New Mexico Gov. Michelle Lujan Grisham issued her now infamous order a week ago today. She knew she’d get pushback, but I doubt she knew how much.
Obviously, the regular folks would take issue with it and take her directive to court, which happened and now there’s a court order preventing enforcement of such an egregious act.
But she also got a lot of pushback from her own side.
Over at left-leaning The Week, writer Harold Maass notes that there were a number of reasons why Grisham’s plan backfired.
The backlash was quick, as everyone — including Lujan Grisham — expected. Four gun rights groups immediately filed lawsuits challenging Lujan Grisham’s “public health emergency” order, Reason noted. U.S. District Court Judge David Urias agreed, saying the policy violated a landmark 2022 Supreme Court ruling that gives Americans the right to carry guns for self defense under the Constitution’s Second Amendment. And that’s just one reason that liberals and conservatives alike objected to Lujan Grisham’s drastic move. Here are some of the main gripes from both sides:
Nobody was willing to enforce a gun ban
The governor just made herself look “unserious” and “ineffectual,” said The Wall Street Journal in an editorial. New Mexicans across the political spectrum rejected Lujan Grisham’s gun ban “Diktat” instantly, “by acclamation,” even before the judge made it official. More than 100 pistol-packing protesters marched through Albuquerque’s Old Town on Sunday. State police declined to issue any citations, and Bernalillo County’s Democratic sheriff, John Allen, said there was “no way we could enforce” such an obviously unconstitutional order. Lujan wanted to show she meant business, but she came off as “unserious.” Let that be a lesson to any governor “tempted to violate the Constitution to make a political point.”
Honestly, she could have at least talked with officials there to see if this was something they’d even bother to enforce. She or her people could have floated this as a “Would something like this help?” and responded accordingly.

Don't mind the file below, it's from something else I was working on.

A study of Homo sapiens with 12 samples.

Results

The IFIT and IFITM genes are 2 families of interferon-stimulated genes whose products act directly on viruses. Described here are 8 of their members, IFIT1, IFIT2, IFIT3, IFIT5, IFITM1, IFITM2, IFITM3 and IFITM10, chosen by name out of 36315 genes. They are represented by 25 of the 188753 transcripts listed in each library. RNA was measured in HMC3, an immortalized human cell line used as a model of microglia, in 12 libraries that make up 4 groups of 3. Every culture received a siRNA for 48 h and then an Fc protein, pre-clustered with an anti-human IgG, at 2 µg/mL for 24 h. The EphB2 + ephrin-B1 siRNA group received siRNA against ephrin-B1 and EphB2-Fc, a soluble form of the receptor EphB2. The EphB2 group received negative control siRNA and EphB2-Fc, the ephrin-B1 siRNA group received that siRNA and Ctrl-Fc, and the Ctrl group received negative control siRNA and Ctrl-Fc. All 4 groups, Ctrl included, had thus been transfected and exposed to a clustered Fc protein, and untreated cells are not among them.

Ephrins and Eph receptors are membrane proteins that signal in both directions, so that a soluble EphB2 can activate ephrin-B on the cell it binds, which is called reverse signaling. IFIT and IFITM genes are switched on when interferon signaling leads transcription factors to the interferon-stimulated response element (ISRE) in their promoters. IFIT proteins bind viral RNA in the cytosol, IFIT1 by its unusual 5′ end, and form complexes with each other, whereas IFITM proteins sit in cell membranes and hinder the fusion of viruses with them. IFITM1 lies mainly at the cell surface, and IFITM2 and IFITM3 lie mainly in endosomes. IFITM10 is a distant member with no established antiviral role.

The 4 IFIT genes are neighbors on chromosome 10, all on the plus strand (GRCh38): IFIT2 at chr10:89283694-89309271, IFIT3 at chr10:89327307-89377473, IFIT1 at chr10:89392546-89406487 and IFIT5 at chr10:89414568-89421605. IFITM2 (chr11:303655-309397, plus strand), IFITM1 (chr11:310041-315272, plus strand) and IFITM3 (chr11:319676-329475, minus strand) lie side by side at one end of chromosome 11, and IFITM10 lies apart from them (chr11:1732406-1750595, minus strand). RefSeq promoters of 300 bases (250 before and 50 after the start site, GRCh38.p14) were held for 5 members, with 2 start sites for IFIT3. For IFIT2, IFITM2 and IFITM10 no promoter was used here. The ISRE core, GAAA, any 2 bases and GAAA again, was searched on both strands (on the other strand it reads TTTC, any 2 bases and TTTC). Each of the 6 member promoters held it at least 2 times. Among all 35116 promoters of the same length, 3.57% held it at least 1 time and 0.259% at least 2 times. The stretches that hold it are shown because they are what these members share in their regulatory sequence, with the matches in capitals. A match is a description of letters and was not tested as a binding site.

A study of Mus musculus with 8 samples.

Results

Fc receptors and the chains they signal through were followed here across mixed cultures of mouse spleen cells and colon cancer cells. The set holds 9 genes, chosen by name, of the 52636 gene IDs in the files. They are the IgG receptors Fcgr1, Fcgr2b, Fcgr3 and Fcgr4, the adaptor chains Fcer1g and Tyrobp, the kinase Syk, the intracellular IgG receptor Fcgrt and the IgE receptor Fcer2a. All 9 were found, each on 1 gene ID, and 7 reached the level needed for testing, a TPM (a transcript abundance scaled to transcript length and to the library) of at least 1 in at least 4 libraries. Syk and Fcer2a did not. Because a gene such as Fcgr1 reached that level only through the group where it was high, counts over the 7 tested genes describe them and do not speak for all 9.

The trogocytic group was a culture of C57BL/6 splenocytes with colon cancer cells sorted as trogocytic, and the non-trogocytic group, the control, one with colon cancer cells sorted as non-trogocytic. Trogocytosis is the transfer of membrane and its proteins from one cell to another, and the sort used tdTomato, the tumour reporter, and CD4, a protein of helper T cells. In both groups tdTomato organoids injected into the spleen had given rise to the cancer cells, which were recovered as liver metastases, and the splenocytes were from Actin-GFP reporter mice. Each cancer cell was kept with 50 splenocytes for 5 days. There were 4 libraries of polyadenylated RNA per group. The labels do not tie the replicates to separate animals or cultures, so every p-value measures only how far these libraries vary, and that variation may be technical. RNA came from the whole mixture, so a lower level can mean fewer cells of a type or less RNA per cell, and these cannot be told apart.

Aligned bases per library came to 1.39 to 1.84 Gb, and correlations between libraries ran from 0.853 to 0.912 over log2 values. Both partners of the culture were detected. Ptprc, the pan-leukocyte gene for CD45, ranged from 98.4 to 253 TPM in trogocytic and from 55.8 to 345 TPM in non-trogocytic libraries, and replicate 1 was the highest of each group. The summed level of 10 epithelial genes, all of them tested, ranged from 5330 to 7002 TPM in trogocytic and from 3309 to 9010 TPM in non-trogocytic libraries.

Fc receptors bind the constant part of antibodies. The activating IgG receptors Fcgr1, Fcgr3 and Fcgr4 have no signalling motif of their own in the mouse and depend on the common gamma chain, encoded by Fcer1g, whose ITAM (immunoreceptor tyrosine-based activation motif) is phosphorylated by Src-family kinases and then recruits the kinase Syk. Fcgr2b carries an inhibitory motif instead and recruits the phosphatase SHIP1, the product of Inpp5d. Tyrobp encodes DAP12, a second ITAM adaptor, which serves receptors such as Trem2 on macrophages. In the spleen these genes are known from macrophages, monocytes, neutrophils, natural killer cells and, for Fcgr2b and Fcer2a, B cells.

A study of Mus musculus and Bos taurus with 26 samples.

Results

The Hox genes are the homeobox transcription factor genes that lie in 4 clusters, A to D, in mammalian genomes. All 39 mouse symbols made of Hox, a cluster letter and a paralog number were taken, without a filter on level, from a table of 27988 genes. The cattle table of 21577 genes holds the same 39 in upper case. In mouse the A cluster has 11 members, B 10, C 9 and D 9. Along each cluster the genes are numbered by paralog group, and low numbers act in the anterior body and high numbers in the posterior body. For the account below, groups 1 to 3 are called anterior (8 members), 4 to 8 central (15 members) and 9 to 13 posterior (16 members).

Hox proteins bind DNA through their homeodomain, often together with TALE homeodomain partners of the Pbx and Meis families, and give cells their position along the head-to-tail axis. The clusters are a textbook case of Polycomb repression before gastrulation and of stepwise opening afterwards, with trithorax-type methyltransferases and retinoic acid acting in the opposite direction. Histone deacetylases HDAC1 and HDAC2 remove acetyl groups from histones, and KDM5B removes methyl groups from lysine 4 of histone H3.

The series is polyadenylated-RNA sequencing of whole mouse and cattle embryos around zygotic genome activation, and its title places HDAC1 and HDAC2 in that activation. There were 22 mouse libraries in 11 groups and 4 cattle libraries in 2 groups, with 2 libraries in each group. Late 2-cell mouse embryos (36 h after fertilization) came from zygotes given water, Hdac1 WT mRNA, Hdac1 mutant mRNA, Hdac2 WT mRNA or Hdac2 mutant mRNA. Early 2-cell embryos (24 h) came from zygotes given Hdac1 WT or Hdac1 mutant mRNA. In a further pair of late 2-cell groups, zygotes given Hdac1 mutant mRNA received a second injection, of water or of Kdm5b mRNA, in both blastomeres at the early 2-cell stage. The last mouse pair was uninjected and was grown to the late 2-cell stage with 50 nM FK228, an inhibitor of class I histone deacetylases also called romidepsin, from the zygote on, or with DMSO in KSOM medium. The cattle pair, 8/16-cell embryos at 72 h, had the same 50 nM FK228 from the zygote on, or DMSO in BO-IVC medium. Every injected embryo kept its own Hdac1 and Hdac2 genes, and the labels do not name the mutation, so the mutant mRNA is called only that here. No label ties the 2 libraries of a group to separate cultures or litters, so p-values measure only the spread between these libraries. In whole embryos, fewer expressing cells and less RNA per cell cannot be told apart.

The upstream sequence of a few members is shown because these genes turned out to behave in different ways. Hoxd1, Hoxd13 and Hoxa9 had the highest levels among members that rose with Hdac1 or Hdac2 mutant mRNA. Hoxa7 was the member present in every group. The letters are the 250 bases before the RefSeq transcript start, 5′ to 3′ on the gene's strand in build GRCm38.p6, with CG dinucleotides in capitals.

Instead, she just made a pronouncement that clearly took local officials off-guard.
Plus, as we’ve noted, Grisham signed a bill into law that ended qualified immunity for police officers, meaning anyone who did make an arrest on the order risked ending up in court themselves.
Maass also noted that the order targeted the wrong people, namely people who were carrying lawfully. Grisham acknowledged that criminals weren’t going to obey her order, so what was the point? Why target people who you know aren’t the problem?
I mean, even if you assume people with permits aren’t law-abiding–an idiotic assumption, but work with me here–the order isn’t going to stop those who decide they’re going to violate the law anyway. In fact, many did just so they could sue the state.
Yet it should be noted that Grisham kind of screwed her own side on this.
Lujan Grisham is hurting her own cause
Gun violence is indeed a public health crisis, said Mark Joseph Stern in Slate. But the law Lujan Grisham was trying to use was “plainly aimed at infectious diseases,” not anything deemed dangerous. Besides, there is “no evidence” that people who legally carry firearms publicly contribute “to the explosion in gun violence that moved Lujan Grisham to act.” Still, these law-abiding citizens faced a $5,000 fine if they violated this ban. No wonder everyone from gun rights groups to the American Civil Liberties Union had problems with it. “The governor has leveraged an emergency health law to suspend a right protected by state statute, the state constitution, and Supreme Court precedent.” That kind of overreach is a gift to Republicans who want to convince voters that Democrats want to take away your guns.
Grisham has been trying to frame this as her being the only one with the guts to address the problems in Albuquerque, but at the end of the day, she tipped the Democrats’ hands.
“No one wants to take away your guns,” they tell us, but now we can point to Grisham’s stunt and counter that.
Sure, she didn’t try to confiscate them–that would have gone over even worse than her directive did–but she decided to unilaterally take away people’s right to bear arms. That’s going to be hard to overcome for many Democrats.
It’s why so many took to criticizing the action.
Yet even there, Grisham’s move caused problems. After all, when anti-gunners start admitting that the right to bear arms is, in fact, a constitutional right–and, arguably, an individual one–you’ve got to believe that’s going to come up later on in the gun debate.
Let’s be clear here, Grisham screwed the pooch.
Not only did she not accomplish what she set out to do, but she showed herself to be a weak governor and scuttled any post-governor career plans in politics she might have entertained.